As a college professor, I get gratification from seeing a student achieve personally and professionally. There are few things more rewarding than seeing a young person take the initiative to develop the confidence and passion to reach his or her potential.
However, I also often see students who are unable or unwilling to take responsibility for their own choices. These people unwittingly sabotage their own professional fulfillment and personal happiness.
It isn’t just students who do that. Professionals do it, too.
Here are five signs you are not being accountable and ways to change these negative, self-sabotaging habits:
1. Excuses, excuses. Do you blame your parents, roommate, significant other, unfair professors, bad bosses, the economy, etc., for your issues and problems? If you answered yes, you are already in self-defeat mode.
Instead of coming up with the list of excuses of why things have not gone your way, consider how you can change your behaviors and attitudes. Take responsibility for yourself and your choices.
It doesn’t matter whether you work on a team, or whether your professor or boss is difficult and unreasonable. The actions you take and the mindset you hold is yours alone. If you are committed to positive results, academically, personally and professionally, you can take the initiative and action and to make things happen. This also means you take responsibility for your role in both successes and mistakes.
2. Worry, worry. Are you overwhelmed by your work, life, academics, deadlines, and demands on your time? Stop! The worst case scenario is that you will stumble.
Allowing worry to take over your life has a paralyzing effect. Instead, set and manage expectations, and take control of your time. Be clear about your priorities and those that others might place on you. Say no sometimes, resist negative influences, and manage your time based on realistic goals and priorities. Ask questions and seek guidance. You must be willing to work to deliver based on these expectations. Sometimes this may be uncomfortable, but without effort you won’t reap rewards.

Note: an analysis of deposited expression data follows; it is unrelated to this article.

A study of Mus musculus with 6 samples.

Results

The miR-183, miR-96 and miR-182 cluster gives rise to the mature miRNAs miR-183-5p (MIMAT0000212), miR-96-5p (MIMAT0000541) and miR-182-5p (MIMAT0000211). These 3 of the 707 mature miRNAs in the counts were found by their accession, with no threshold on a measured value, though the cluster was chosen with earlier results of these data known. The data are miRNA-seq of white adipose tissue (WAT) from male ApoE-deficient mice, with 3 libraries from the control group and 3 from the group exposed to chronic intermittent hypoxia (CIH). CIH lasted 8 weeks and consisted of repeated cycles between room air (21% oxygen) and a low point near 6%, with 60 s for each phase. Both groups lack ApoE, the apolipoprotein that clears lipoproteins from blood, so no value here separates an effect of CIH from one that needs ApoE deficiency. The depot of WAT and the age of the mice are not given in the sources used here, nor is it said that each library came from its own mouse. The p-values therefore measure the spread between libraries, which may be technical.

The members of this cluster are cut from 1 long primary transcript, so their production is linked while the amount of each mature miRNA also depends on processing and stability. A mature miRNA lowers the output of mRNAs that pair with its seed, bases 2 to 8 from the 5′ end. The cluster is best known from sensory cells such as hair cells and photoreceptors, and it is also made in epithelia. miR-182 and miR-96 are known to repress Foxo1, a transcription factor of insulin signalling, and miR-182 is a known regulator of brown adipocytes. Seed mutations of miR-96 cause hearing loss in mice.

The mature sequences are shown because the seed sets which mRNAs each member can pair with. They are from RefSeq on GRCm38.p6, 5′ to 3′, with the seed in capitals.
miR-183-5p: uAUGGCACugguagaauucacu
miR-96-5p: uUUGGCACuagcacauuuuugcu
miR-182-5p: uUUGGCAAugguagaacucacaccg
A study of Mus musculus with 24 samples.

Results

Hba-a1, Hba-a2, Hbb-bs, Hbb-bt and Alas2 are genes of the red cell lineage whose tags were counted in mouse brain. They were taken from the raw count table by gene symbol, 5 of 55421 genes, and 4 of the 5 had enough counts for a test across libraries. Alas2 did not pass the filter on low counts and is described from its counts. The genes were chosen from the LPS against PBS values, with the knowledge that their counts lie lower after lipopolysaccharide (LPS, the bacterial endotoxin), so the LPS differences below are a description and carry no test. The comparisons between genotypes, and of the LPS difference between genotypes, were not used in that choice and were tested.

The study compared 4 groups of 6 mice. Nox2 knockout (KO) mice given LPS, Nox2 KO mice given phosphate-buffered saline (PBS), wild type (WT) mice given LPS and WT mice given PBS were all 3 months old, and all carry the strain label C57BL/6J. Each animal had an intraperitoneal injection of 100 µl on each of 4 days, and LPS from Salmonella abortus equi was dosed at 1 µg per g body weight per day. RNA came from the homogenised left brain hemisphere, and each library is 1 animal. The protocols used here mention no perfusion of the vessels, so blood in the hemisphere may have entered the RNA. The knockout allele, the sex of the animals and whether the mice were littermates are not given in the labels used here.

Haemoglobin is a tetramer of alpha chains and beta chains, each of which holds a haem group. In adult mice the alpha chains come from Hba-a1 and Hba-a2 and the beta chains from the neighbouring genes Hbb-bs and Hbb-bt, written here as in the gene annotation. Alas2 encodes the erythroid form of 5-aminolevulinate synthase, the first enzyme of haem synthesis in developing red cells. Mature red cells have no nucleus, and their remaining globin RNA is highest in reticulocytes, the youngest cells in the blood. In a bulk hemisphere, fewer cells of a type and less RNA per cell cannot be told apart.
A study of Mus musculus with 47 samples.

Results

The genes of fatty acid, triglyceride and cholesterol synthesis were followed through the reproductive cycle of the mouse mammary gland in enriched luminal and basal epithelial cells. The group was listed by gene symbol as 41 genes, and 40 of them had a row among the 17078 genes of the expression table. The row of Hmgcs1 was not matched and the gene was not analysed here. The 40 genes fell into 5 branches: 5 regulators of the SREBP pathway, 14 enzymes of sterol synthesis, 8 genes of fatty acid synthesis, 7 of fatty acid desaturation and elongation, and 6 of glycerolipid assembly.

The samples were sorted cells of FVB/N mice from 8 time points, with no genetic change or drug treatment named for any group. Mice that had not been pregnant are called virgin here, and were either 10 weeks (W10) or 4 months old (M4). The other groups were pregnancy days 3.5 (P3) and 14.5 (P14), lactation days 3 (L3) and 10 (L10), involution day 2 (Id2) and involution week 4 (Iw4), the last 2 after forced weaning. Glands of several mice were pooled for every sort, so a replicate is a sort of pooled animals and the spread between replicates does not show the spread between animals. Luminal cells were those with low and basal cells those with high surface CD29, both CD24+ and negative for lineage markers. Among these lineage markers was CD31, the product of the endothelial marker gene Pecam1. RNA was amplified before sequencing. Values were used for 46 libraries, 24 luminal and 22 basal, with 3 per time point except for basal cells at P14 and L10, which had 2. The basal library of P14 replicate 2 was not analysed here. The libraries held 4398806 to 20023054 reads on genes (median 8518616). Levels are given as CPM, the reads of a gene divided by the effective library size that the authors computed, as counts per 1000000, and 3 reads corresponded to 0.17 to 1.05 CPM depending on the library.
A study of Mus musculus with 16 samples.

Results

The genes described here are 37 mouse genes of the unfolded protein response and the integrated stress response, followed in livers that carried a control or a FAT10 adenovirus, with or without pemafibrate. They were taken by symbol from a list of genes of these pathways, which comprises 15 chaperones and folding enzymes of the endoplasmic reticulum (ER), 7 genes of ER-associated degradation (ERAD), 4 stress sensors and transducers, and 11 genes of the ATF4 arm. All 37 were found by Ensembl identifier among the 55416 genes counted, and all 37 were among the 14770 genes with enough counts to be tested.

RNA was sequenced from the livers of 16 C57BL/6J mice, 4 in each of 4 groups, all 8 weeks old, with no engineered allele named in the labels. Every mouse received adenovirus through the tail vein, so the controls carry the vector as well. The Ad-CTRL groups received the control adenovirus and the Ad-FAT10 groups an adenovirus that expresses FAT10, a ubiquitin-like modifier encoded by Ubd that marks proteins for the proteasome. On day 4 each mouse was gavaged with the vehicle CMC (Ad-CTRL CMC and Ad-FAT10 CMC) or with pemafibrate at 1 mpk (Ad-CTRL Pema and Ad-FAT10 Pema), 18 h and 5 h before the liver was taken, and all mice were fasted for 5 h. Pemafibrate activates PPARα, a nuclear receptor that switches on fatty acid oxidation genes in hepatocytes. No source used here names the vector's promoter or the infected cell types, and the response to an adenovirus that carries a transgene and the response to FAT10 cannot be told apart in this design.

3. Self-doubt and lack of self-awareness. Many of us doubt our abilities and potential. Yet many also have an inflated sense of their abilities. Self-confidence is important, but over-confidence without self-awareness is dangerous. Seeking criticism and providing a realistic self-assessment of your personality, skills, and abilities are important steps to becoming more accountable and successful.
Avoid being hypersensitive to criticism; instead, try to learn, grow, and improve on your shortcomings. Be open and willing to take feedback without getting defensive. When you do well, own that, too. Share your successes with your boss, friends, and family.
4. “Debbie Downer” syndrome. You can’t change past situations. You can’t change other people. It is easy to get stuck in negative mode and rehash what should have happened, who let you down, and why things aren’t working. Instead, focus on where you are now and what you can do to move forward. Consider how you can act and react from this point forward to be more productive and engage in positive behaviors that will probably have very different outcomes.
5. The desire to win at all costs. Are you hurting other people or lowering your moral compass to get ahead? This may provide you with short term gains, but instant gratification without integrity doesn’t last.
Be brave enough to do the right thing, even if the outcome may not always work in your favor. Don’t try to get out of bad situations by lying or trying to cover things up. Everyone makes mistakes. Admit it; say “I’m sorry” and mean it. Be prepared with a solution and plan to resolve the situation or issue. Consider what you can do differently in the next situation. Integrity and accountability are two of the most powerful personal traits you can develop.
Change your mindset, and hold yourself accountable for your own life decisions, behaviors, and choices. Adopt the attitude that any challenges are opportunities and problems can be redirected into solutions.
[FREE GUIDE: 6 trends in employee communication for 2019]
Take initiative. Results will follow.
Lorra M. Brown is an assistant professor of public relations/professional communication at William Paterson University in Wayne, N.J. She serves as the M.A. in Professional Communication graduate program co-director, communication internship coordinator and advisor to the Student Public Relations Association. Prior to her faculty position, she held senior-level positions at Ogilvy Public Relations Worldwide and Weber Shandwick Worldwide. Visit her blog or follow her on Twitter.